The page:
April 10, 2019
Press Release
Legislation would make it even more difficult to obtain broadband access in rural areas

(Washington, DC) – Citing the need to preserve a free and open internet, Congresswoman Vicky Hartzler today voted against HR 1644, Democrat-led legislation which would impose new government restrictions on the internet, stifling investment and innovation, making it more difficult to expand broadband into rural areas, and laying the groundwork for eventual internet taxation.


“I support a free and open internet that encourages competition and innovation. This legislation is anything but that. Instead this bill seeks to re-impose government restrictions that hampered the internet years ago with layers of government red tape, stifled investment and barriers which made it more difficult to expand broadband into rural areas,” said Congresswoman Vicky Hartzler, who noted that when these  burdensome regulations were lifted in 2017, internet speeds in the United States rose nearly forty percent the following year.  “We don’t want to go backwards. Most rural Missourians still lack dependable internet and now is not the time to impose more government control of the internet. This is the last thing rural America needs as we work to bring broadband investment into these areas. HR 1644 works against rural America,” added Hartzler, who was successful in getting provisions added the 2018 Farm Bill which increased minimum speed requirements and required loan guarantees to be issued for USDA broadband programs.


Specifically, the legislation Hartzler opposed would empower the Federal Communication Commission (FCC), an unelected panel of bureaucrats tasked with making policy decisions, to set prices, sanction investments, and dictate how broadband companies interact with customers. This would usurp the private sector, diminishing competition and investment which is needed to keep prices affordable and encourage innovation. When these government restrictions were imposed by the Obama Administration private investment in broadband networks plummeted, declining by $3.6 billion in just two short years.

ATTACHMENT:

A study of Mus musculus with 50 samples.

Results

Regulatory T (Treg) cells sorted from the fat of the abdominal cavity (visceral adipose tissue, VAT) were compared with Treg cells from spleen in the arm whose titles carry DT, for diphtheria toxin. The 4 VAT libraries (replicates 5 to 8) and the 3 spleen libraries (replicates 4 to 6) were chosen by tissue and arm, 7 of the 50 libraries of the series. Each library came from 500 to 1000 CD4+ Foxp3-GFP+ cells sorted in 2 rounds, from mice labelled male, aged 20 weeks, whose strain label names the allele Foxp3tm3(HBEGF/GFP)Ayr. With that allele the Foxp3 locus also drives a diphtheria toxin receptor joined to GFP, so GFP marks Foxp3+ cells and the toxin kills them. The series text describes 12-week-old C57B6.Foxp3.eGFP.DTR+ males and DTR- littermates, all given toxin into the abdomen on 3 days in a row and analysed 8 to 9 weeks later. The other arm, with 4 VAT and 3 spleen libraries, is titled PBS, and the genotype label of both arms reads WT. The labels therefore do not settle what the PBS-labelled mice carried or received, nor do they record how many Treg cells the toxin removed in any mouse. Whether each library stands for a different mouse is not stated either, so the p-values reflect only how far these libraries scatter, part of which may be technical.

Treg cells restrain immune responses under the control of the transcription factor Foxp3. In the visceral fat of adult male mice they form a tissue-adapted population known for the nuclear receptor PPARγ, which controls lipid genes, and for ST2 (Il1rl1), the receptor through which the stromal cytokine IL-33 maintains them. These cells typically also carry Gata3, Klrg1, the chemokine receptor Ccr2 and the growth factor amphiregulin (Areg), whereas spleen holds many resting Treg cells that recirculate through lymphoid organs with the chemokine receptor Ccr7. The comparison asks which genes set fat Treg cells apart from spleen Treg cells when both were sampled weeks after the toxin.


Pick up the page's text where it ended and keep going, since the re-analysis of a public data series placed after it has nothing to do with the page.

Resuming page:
“These proposed government regulations of the internet have a marked history of decreasing investment which is vital for internet access and future expanse of broadband across Missouri,” said Hartzler, who noted that under Obama-era restrictions 80 percent of providers in rural areas incurred additional expenses in complying with the regulations, leading to delayed or reduced network expansion.  “Further, these additional government controls lay the groundwork for eventual taxing of the internet by changing how state and local governments apply sales and other taxes on wireless and home access data. This legislation represents more government regulation, less rural access and increased costs,” added Hartzler.


“The role of our government is to keep the internet flourishing while protecting consumers and preventing anti-competitive behavior from bad actors,” said Hartzler, who noted her support for H.R.1096, the Promoting Internet Freedom and Innovation Act. Unlike HR 1644, HR 1096 is a pro-consumer bill which codifies opposition to blocking, throttling and paid prioritization – principles shared by both Republicans and Democrats – while avoiding burdensome government regulations. It also promotes transparency by requiring broadband providers to publicly disclose accurate information regarding their services and allow individuals to make informed decisions when choosing providers.




Interested members of the media may contact Anna Swick at For the latest portrait of Congresswoman Hartzler, please click here.